Review: OWC USB Type-C Travel Dock Integrates Ports with Connector for Ideal Travel Companion
OWC USB Type-C Travel Dock
Those traveling with a USB-C-based computer with few, if any, additional ports should seriously consider the OWC USB Type-C Travel Dock as one of their travel companions.
Those traveling with a USB Type-C-based computer with few, if any, additional ports should seriously consider the OWC USB Type-C Travel Dock as one of their travel companions.
Introducing the OWC USB-C Travel Dock E
OWC now ships a version of this doc with a Gigabit Ethernet port for $64.99. All of the there features remain on this outstanding portable hub, including 4K HDMI, 4 additional ports, and 100W pass-through power. For more information visit OWC.
What we like
This 17 mm (0.7 in) H x 80 mm (3.2 in) W x 80 mm (3.2 in) L USB-C dock, that weight only 91 g (3.2 oz) performs well at home or away. When connected to a computer via a USB-C cable, the dock adds 2 USB-A 3.1 Gen 1 ports, an SD card reader (UHS-II transfer speeds of up to 312 MB/s), and an HDMI 2,0 port. The HDMI outputs video up to 4096 x 2160 at 30Hz. I have used it with straight HDMI and HDMI to DVI with no issues at all.
The dock obtains bus power from attached devices. Hungry devices will likely require an external power adapter. The dock draws a maximum of 60W from an adapter, with any remaining power shuttled to the attached device for battery recharging. The dock will channel up to 100W total.
A USB-C cable coils around the underbelly of the OWC dock, keeping the profile compact and self-contained. There is nothing to lose or forget.
The accompanying OWC Dock Ejector software offers one click disconnect to drives and other peripherals connected to the dock. This eliminates any risk associated with disengaging a Mac hard drive prior to a manual dismount.
OWC’s dock, supports USB-C and Thunderbolt 3. It works as well with Android, Chromebooks, Linux devices, and PCs as it does Macs and iPads.
What can be improved
I like devices that arrive self-contained. But unfortunately, non-interchangeable parts places limits. In the case of the OWC dock, the coiled USB-C cable places a limit on the distance from the dock to the device. A competitive product we reviewed, the Twelve South Travel Dock offers a slot to hold its included short USB-C cable—and the Twelve South product also comes with a much longer cable intended for more effusive desktop environments. Flexibility balances again integrated design.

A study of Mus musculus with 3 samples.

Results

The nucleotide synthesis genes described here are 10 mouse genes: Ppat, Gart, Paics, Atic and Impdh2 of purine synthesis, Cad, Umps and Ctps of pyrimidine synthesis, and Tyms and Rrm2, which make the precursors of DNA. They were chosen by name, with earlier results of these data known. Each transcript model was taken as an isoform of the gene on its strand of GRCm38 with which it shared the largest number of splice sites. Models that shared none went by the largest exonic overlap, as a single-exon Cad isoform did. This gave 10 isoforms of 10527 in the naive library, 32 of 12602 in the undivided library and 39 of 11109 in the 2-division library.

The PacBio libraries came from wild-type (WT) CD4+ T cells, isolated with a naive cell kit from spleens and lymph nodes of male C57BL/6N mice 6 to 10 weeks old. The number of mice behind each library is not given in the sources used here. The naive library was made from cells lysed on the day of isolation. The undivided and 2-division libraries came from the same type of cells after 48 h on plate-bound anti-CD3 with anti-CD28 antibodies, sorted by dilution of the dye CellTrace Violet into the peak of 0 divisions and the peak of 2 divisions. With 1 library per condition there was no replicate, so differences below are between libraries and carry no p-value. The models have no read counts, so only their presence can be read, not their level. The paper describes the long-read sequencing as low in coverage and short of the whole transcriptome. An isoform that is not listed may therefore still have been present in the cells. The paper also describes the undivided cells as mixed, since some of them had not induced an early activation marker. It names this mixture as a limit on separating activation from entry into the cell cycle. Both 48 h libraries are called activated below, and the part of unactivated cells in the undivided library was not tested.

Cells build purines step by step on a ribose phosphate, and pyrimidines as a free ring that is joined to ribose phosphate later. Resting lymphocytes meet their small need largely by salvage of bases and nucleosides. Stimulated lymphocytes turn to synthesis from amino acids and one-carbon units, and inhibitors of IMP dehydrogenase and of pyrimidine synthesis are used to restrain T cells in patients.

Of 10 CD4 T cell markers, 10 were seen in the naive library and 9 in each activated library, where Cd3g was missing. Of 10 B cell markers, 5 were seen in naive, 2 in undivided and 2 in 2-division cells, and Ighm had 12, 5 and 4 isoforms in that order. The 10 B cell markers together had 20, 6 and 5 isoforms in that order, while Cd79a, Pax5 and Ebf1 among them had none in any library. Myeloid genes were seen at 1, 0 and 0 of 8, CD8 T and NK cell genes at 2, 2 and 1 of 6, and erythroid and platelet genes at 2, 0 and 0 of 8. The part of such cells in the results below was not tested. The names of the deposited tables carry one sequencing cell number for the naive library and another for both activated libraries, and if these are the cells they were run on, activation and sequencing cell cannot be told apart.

Given the support for iOS it would also be nice to include an audio port. Although the world of music increasingly arrives via Bluetooth earbuds, some may still like a wired connection for audio. With the USB-C-based iPad Pros ideal adapters include video, storage/peripheral, and audio capabilities.
OWC USB Type-C Travel Dock: The Bottom Line
The OWC USB Type-C Travel Dock meets its design challenges well. External power distributes well across its ports, shuttling excess power to batters—but the dock will work, with some limitations, without external power. The light compact design doesn’t overwhelm the diminutive storage pockets found in shoulder bags or backpacks. For iOS support, an audio port would be nice.
OWC provided the USB Type-C Travel Dock for review purposes. Images courtesy of OWC.
Daniel W. Rasmus, Founder and Principal Analyst of Serious Insights, is an internationally recognized speaker on the future of work and education. He is the author of several books, including Listening to the Future and Management by Design.